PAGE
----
Florida's geology and climate
has more in common with its Caribbean Basin neighbors and
the Yucatan Peninsula in Mexico than with North America.
In geologic terms, the Florida Peninsula is young, rising
from the sea a mere million years ago. The state is comprised
of aquifers. Most commonly born of the springs that once
lured Spanish explorers in search of the famed "Fountain
of Youth" to Florida, these aquifers gave birth to
the Florida Everglades, have fed Florida's agricultural
industries and, today, quench the thirst of tremendous population
growth and economic development.
A key feature of Florida's geology is the Hawthorne Formation;
this karst limestone ridge, better seen from the air than
from the ground, forms the backbone of Florida. The Formation
stretches southward from the limestone beds of the Suwannee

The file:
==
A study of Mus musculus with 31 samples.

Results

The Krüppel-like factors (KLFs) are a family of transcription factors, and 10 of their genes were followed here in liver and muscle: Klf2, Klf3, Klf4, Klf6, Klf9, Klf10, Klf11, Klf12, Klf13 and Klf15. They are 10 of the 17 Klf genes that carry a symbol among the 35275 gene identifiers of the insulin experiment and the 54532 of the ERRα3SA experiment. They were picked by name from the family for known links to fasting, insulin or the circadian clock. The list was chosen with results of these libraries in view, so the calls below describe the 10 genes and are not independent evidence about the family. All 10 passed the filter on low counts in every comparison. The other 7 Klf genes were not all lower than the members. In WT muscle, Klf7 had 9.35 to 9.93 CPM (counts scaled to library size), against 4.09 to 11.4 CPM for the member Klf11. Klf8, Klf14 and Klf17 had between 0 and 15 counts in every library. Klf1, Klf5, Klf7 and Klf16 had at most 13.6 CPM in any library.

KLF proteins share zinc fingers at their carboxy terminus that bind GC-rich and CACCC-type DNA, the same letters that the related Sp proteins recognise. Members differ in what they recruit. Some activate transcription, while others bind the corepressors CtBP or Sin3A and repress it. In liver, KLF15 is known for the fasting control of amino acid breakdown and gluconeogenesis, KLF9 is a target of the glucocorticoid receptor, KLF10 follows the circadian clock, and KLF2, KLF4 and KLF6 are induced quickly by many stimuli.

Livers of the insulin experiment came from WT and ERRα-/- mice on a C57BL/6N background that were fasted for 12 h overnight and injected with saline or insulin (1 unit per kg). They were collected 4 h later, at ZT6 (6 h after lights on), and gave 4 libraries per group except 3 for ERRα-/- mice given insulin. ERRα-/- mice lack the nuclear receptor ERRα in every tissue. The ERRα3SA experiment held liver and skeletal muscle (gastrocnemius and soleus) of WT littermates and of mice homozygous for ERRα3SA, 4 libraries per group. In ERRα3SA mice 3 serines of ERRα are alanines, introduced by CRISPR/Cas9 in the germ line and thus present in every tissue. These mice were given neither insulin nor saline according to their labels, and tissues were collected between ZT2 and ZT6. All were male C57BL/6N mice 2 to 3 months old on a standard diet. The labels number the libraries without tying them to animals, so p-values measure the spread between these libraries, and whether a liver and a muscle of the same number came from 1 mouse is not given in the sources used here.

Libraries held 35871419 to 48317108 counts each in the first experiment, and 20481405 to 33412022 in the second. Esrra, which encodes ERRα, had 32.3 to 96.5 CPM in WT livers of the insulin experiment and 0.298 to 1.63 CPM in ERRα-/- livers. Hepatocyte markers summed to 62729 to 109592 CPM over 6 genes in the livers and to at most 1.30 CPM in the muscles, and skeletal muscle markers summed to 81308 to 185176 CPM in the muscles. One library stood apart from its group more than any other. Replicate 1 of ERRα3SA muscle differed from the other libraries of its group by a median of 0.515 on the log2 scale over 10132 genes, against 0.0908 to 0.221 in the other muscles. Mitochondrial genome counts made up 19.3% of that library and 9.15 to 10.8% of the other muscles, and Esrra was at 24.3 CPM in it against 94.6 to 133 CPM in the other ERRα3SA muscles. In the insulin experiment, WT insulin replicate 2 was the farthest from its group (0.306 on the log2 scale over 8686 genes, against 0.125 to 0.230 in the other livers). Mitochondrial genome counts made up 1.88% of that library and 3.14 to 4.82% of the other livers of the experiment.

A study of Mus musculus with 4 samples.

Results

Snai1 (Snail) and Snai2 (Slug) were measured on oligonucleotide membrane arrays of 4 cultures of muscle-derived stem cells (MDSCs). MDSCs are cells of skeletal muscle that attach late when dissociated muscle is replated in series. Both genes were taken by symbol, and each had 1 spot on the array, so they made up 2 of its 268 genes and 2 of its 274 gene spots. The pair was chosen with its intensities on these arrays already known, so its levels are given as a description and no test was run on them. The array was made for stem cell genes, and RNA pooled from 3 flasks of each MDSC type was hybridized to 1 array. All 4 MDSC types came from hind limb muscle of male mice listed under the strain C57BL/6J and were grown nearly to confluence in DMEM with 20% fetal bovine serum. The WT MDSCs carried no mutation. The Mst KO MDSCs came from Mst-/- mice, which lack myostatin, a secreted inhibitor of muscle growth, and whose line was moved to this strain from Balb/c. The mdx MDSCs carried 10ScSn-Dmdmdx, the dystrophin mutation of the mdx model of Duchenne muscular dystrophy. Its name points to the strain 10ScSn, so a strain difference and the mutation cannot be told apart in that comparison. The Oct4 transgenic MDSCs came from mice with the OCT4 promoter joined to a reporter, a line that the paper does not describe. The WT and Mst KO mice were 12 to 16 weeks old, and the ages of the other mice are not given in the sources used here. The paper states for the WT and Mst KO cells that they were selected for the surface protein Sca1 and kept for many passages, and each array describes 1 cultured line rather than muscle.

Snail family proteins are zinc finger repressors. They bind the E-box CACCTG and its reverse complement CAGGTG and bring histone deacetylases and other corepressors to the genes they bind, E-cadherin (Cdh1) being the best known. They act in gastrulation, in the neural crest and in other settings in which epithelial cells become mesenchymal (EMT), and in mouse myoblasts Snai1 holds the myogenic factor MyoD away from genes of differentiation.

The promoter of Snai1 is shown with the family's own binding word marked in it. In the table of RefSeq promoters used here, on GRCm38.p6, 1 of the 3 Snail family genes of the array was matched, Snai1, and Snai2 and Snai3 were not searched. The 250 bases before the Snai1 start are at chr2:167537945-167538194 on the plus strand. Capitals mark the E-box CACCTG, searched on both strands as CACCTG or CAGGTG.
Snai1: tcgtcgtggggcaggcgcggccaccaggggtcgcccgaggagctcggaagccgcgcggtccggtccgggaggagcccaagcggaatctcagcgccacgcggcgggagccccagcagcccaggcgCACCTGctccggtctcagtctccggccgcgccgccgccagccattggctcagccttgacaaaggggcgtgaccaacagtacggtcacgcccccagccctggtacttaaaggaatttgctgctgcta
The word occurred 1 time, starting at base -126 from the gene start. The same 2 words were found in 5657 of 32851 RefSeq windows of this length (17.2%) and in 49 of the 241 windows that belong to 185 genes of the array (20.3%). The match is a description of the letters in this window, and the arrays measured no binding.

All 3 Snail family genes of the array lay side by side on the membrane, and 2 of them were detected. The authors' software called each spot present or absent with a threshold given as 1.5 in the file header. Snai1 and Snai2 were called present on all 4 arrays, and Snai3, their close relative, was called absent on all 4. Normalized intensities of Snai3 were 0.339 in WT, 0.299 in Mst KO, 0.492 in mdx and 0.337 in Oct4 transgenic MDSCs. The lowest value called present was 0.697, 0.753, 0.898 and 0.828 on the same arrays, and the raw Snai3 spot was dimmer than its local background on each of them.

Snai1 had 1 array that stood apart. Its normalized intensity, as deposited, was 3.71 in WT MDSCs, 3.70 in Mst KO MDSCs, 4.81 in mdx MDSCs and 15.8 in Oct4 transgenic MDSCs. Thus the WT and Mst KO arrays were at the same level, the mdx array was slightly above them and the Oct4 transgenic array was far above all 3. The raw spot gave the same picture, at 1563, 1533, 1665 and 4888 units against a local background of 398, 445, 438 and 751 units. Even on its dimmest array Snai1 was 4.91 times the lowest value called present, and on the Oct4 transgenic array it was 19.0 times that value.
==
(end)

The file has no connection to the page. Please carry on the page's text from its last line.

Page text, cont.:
River to the soft, silted underbelly of Lake Okeechobee,
one of the largest lakes entirely within the United States.
The sinks that dot its spine have spawned the lore andliterature
of Florida, from Native American legend through popular
culture icons: the mermaids of Weeki Wachi, and the backdrop
for more distant or fantastic venues: the Tarzan movies
of the 1940sand 1950s and Voyage to the Bottom of Sea of
1970s TV fame.
Other impressive features of Florida's geology are the
St. Johns River and the Apalachicola and Tampa Bays. The
only major river in the United States to flow North, the
St. Johns River was subject to a Confederate plan during
the Civil War that would have dammed it, forcing its waters
to flow south. The Apalachicola Bay has been called "nature's
cradle" and has been the source of most of the oysters
served in restaurant across the country. The Tampa Bay
formed a natural harbor, exploited by the Spanish, British
and Americans, alike, as their foothold in Florida grew.
Florida's climate is unique within the United States.
More than that of any other state, Florida's climate supports
a rich and diverse natural heritage. At the cross currents
of temperate and tropic zones, it has either spawned or
attracted numerous and infamous storms including disastrous
hurricanes. Every year, Florida records more and more intense
lightning strikes than anywhere else in the world.